Hotspot: Newcastle, Tyne & Wear

The latest northern city makeover was a tough one to pull off, but it'll blow away your preconceptions of the place.

It couldn't have happened to a nicer, certainly to a more architecturally and historically deserving city. Newcastle is getting the kind of makeover that has already transformed city centres in Birmingham, Manchester, Liverpool, Cardiff and Leeds. With its river and bridges and venerable city centre, Newcastle will do justice to a good sprucing up.

It couldn't have happened to a nicer, certainly to a more architecturally and historically deserving city. Newcastle is getting the kind of makeover that has already transformed city centres in Birmingham, Manchester, Liverpool, Cardiff and Leeds. With its river and bridges and venerable city centre, Newcastle will do justice to a good sprucing up.

Newcastle City Council says in the decade to 1991, the city centre residential population more than doubled, to 2,300 and there has been further growth as new projects have been completed on the quayside and in Grainger Town, where 200 flats have been developed and a further 400 are proposed by 2003.

Development at Gateshead Quays includes aleisure and residential complex by Taylor Woodrow and a Hilton Hotel. "Persimmon Homes are completing Tyne Views near the quays and the town centre, which consists of 280 homes. St James Urban Village, in an area south of the new Baltic Business Park, can accommodate 800 homes. Developers are interested but not confirmed yet," says Robert Schopen, public relations officer for Gateshead Metropolitan Borough Council. Work is underway in Gateside on three lottery-funded projects: the Baltic Centre for Contemporary Art, a music complex comprising two halls and a school, and the Gateshead Millennium Bridge, which will "operate like the giant lid of an eye slowly opening, forming an arch under which ships can pass", according to Mr Schopen.

Gordon Hollis of Your Move estate agents says: "Riverside development on the quayside is just starting - a bit like Docklands in London, a centre of social activity and an increasing number of businesses relocating from the city centre. City centre residential is an immature market, and with supply limited, a one-bed flat can cost £120,000."

Mr Hollis moved to Newcastle from Edinburgh five years ago: "I had preconceptions about a lot of crime here, and some locations are best avoided, but this is true for any UK city. Newcastle was voted among the best party cities in the world. There has been massive growth over the last 10 years, and the balance of employment is more stable."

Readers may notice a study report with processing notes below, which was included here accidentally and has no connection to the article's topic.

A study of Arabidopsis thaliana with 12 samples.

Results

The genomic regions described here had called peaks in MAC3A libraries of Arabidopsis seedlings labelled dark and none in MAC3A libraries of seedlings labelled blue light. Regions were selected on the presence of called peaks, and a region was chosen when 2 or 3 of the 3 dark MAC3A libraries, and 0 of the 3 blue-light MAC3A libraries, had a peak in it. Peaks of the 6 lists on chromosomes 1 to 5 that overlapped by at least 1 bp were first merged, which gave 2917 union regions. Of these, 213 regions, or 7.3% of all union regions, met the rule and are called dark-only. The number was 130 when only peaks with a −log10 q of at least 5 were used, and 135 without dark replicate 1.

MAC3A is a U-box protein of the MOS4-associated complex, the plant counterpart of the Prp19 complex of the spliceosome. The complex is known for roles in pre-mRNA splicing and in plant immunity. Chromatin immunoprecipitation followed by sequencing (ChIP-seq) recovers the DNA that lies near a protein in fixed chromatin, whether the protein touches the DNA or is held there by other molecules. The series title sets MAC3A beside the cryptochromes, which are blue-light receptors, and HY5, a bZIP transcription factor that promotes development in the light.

"Newcastle is a small city with two popular suburbs, Jesmond and Gosforth," explains Justin Anim of Keith Pattinson estate agents. "We also have executive estates such as Barras Hall for people like footballers who can afford £200,000 to £600,000. A lot of businesses are coming to the Northeast, so we are getting more executive buyers."

"As prices have soared in Gosforth and Jesmond, investors have now spun out to Heaton," says Nick Lansberry of Sanderson Young. "A three-bed terraced house just sold for £79,950. Two years ago it sold for £59,950. High prices also mean buyers are moving to cheaper places like Whitley Bay on the coast, and Kingston Park is also popular because it is on the metro."

The Low Down

Transport

Newcastle Airport is expanding Terminal 1 to handle 4.8 million passengers a year. Public transport interchange and a freight village being planned. Car ferry services between Tyneside, Scandinavia and Germany. The North Shields International Ferry Terminal at Royal Quays is seven miles east of Newcastle via the A1058 and A19. Newcastle is 90 miles from Leeds and 100 from Edinburgh, London is 274 miles, Birmingham 207 and Manchester 132.

Prices and properties

You can spend £400,000 and more in Jesmond and other exclusive areas, but well-placed three-bed houses are around £100,000. Many local and national builders - Leech, McAlpine, Miller, Bowey, McLean and others - are building flats and houses in Newcastle and through Northumbria.

New from old properties

Yuill is converting a former orphanage and maternity hospital into 10 quality flats, some with balconies and mezzanines, at Princess Mary Court in Jesmond, with prices from £258,000 to £465,000. Newhomes sold all 11 flats in Akenside House, Quayside and is developing two more blocks: 23 loft apartments in Brewery Bond, North Shields and 17 in Trafalgar House in the city centre. The Red Box near the Central Station is a refurbished neoclassical building - the former central post office - with spiral staircases, mezzanine levels, penthouses and roof gardens.

Tyneside flats

Peculiar to this area, says Nick Lansberry, are Tyneside flats: a two-bed flat downstairs, and a three-bed flat upstairs that, with a loft conversion, can increase to five bedrooms. Heaton is still affordable, and Tyneside Flats are popular with young professionals and investors letting to students.

Retiring types

Retirement specialist McCarthy & Stone has two developments in Low Fell, Gateshead: Dryden Court, from £59,450, and Bowes-Lyon Court, from £59,950 for one-bed and £74,950 for two.

Ich bin ein Geordie

Newcastle City Council says the term "Geordie" originally applied only to miners, colliers, or Newcastle inhabitants. Later it applied to Tynesiders, and many outside the area use the name to refer to anyone from the north-east.

Developers and estate agents

Keith Pattinson0191 232 4392; McCarthy & Stone, 0191-477 6378; Newhomes 01642 762944; Sanderson Young estate agents,0191-213 0033; Solicitors Property Shop, 0191-245 1111; Your Move 0191-284 5761; Yuill 0191- 281 6314.

Twins, triplets, quadruplets

Newcastle is linked with Atlanta, Georgia; Haifa, Israel; Bergen, Norway; Nancy, France; Gelsenkirchen, Germany; Newcastle, New South Wales, Australia; Groningen, Netherlands; Taiyan, China. The 1991 population was 190,000.